Why Traditionally Publish A Book When I Can Do It Myself?

There are a quite a few pros to publishing with a publisher.  First, you have the resources of your publisher to help you market and sell books.  That by itself is potentially HUGE, pending on the publisher you sign on with.

Other Pros include:

*Editing services provided by your publisher.  I strongly recommend all authors to edit their books to their fullest, either themselves or others, before submitting anything to a publisher.  But, a new pair of eyes on a story is always helpful.

*Book Descriptions or Blurbs.  One thing that I struggle with the most on my own is crafting intriguing book descriptions for my self-published novels.  My titles published through my publisher, Cosby Media Productions, have better, more enticing book descriptions than anything I can craft myself.

*Book Covers.  Publishers, pending on your contract of course, have their own resources for creating book covers.

*Formatting.  Publishers, here again pending on your contract, take care of the formatting.

There are more Pros, but for me personally, the above are the biggest influences as to why I sought a publisher for “The United, The Realm of the Light Book 1.”

What are the CONS to going with a Traditional Publisher?

Like with the pros, there are quite a few different cons to singing with a traditional publisher, and different authors lists of pros and cons will vary.  Here are just a few of my biggest cons.

*Setting Pricing.  DISCLAIMER: I have not had this problem with CMP, but a former publisher.  I discussed pricing of ebooks with one publisher who desired The United, my only published title at the time, to be priced at something like $15.99 AS AN EBOOK!  I don’t know about you, but as for me, I would never buy an ebook at $16, no matter the author.

*You may not like the cover the Publisher gives your book.  It happens.  Some publishers I have heard of will talk with you about it and change the cover, others, not so much.  On this count, I have been lucky.  My CMP covers are the best.

*Release Date.  DISCLAIMER: THE FOLLOWING STORY IS A COMBINATION OF THREE DIFFERENT AUTHOR FRIENDS WHO TALKED WITH ME ABOUT BOOK RELEASE WHOAS.  I WAS NOT ONE OF THE AUTHORS ILLUSTRATED HERE, MY PUBLISHER HAS GIVEN THE MOST SUPPORT OF ANY ON BOOK RELEASES AND COVER RELEASES.  My friend, let’s call him Jim, had book 3 of a series that I absolutely loved coming out with a small publisher.  Jim was told the book would be released on Jan 1st.  (No, not really New Year’s Day, I am using it for this example to illustrate what happened).  But his publisher never gave Jim a pre-release link, nor a look at the cover, so he could do a cover reveal or promote pre-release sales.  Searching for something else on Amazon the week before Christmas, Jim stumbled upon his Book 3, published and available for sale (not PRE-SALE mind you, but released for sale).  That accidental find was the first time Jim saw his new cover, and he had to save the cover from Amazon because his publisher never released that to him personally.  Moral of the story: research your publisher before you sign anything.  If possible, talk with some other authors who are published with the prospective publishing firm.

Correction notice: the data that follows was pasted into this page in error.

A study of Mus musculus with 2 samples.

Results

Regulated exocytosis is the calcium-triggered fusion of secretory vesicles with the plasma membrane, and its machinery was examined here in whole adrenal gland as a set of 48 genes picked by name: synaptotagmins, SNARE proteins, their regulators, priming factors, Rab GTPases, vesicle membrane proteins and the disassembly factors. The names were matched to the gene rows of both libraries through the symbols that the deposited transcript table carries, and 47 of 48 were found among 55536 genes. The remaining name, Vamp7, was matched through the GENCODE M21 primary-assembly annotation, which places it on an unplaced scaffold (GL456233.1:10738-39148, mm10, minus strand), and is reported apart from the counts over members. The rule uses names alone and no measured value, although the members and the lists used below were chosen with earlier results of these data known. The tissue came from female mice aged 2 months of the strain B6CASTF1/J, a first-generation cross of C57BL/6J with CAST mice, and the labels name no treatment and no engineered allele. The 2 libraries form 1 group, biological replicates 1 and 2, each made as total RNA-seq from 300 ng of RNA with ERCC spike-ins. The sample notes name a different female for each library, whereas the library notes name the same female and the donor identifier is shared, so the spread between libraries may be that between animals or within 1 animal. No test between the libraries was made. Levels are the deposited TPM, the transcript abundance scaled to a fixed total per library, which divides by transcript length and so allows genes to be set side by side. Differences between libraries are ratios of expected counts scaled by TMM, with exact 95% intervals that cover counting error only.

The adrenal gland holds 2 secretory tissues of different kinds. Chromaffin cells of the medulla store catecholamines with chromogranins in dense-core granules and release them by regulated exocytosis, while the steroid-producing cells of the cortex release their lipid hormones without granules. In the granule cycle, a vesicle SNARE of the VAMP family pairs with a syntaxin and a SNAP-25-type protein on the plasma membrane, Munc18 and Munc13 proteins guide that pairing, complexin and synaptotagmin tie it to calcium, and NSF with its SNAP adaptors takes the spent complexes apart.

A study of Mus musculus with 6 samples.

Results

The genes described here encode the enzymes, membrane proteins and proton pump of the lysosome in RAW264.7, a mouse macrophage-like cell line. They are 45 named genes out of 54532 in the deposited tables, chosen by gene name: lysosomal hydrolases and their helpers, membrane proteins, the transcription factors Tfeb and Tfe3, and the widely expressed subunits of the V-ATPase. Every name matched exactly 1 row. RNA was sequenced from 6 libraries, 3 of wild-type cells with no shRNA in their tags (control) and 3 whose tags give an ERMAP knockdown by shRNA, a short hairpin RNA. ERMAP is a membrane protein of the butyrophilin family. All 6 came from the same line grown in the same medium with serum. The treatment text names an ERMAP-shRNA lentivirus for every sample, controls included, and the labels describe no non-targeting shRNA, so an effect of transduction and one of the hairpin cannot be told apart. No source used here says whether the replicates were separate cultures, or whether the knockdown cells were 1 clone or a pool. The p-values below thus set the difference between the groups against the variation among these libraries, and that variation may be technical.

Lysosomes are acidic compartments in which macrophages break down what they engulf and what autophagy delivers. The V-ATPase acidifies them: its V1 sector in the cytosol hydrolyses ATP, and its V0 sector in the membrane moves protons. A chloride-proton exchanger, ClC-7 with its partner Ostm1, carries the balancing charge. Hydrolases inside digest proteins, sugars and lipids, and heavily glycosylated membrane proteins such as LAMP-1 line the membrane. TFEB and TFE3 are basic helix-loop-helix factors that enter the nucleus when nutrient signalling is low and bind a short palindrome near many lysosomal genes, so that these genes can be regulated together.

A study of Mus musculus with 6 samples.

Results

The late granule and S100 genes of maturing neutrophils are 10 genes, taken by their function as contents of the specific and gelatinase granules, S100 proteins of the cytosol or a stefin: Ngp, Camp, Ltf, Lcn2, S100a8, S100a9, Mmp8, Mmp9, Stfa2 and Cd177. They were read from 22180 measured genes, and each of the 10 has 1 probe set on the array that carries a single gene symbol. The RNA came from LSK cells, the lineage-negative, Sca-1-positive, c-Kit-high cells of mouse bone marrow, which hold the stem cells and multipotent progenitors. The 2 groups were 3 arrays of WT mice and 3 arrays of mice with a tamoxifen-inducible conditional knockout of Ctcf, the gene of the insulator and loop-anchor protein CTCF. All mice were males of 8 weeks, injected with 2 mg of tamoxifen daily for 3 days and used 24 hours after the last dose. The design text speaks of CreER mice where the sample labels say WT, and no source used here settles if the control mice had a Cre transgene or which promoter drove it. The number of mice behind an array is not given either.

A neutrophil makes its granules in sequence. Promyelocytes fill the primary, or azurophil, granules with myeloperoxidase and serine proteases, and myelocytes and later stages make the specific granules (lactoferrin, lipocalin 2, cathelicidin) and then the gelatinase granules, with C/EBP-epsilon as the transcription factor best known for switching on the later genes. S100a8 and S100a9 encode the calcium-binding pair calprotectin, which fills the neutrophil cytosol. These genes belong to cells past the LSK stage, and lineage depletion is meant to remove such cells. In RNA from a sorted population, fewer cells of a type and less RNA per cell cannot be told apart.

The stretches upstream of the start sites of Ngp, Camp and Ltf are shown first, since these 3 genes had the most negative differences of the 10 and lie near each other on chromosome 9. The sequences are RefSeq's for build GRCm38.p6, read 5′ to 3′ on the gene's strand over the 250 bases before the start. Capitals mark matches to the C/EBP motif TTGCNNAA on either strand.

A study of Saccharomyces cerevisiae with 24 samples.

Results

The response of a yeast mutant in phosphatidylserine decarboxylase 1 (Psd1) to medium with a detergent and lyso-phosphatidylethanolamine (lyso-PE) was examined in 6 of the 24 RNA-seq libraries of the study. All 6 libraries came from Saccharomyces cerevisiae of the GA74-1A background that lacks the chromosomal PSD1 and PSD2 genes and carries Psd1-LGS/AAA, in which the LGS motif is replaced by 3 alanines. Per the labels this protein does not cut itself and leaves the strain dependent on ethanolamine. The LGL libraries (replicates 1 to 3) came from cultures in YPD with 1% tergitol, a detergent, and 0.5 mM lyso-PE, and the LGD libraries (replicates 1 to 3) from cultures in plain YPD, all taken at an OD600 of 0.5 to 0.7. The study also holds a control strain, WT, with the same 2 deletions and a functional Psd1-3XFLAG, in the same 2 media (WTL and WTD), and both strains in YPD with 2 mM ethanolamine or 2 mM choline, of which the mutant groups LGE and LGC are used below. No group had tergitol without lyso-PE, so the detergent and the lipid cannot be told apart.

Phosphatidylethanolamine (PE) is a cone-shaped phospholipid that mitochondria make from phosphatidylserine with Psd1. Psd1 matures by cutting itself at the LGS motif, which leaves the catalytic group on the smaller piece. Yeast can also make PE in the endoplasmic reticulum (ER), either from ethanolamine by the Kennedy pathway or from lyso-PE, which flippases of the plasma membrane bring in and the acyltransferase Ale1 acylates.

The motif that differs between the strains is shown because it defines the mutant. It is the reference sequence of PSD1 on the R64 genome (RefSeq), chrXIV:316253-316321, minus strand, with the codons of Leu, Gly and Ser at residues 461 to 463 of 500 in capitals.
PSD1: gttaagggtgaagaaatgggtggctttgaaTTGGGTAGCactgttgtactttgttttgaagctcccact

*I’m tired of getting rejection letters from Publishers and Agents.  On this point, some publishing firms, the BEST publishing firms among them, only accept manuscripts through literary agents.  Some don’t.  That does not make it a bad publisher.  One publisher I would like to sign on with, and who sent me a rejection note on two separate occasions for The United, The Realm of the Light Book 1, was Shadow Mountain.  They accept non-solicited manuscripts, and are a very good publisher that has seen success in marketing and selling of fantasy books, Brandon Mull’s best selling series, Fablehaven, is one of theirs.  But it can be discouraging for a new author to get so many rejection notes, especially when you have faith in  your book and you have the ability to self-publish.

*I want full control over every step of the publishing process.  I have heard this, or if not this phrase specifically, something similar to it from many, many, many self-published authors.  They want full control over pricing, marketing, promotional sales, book cover, book descriptions, etc.


Not all books are meant for every publisher.  Some books will do better if self-published.  Others will do better with a small press, others with a large press.  Every book has its own journey, its own ideal home.  I recommend you think about what you want to accomplish with the release of your current WIP (Work In Progress) before deciding how to go about publishing it.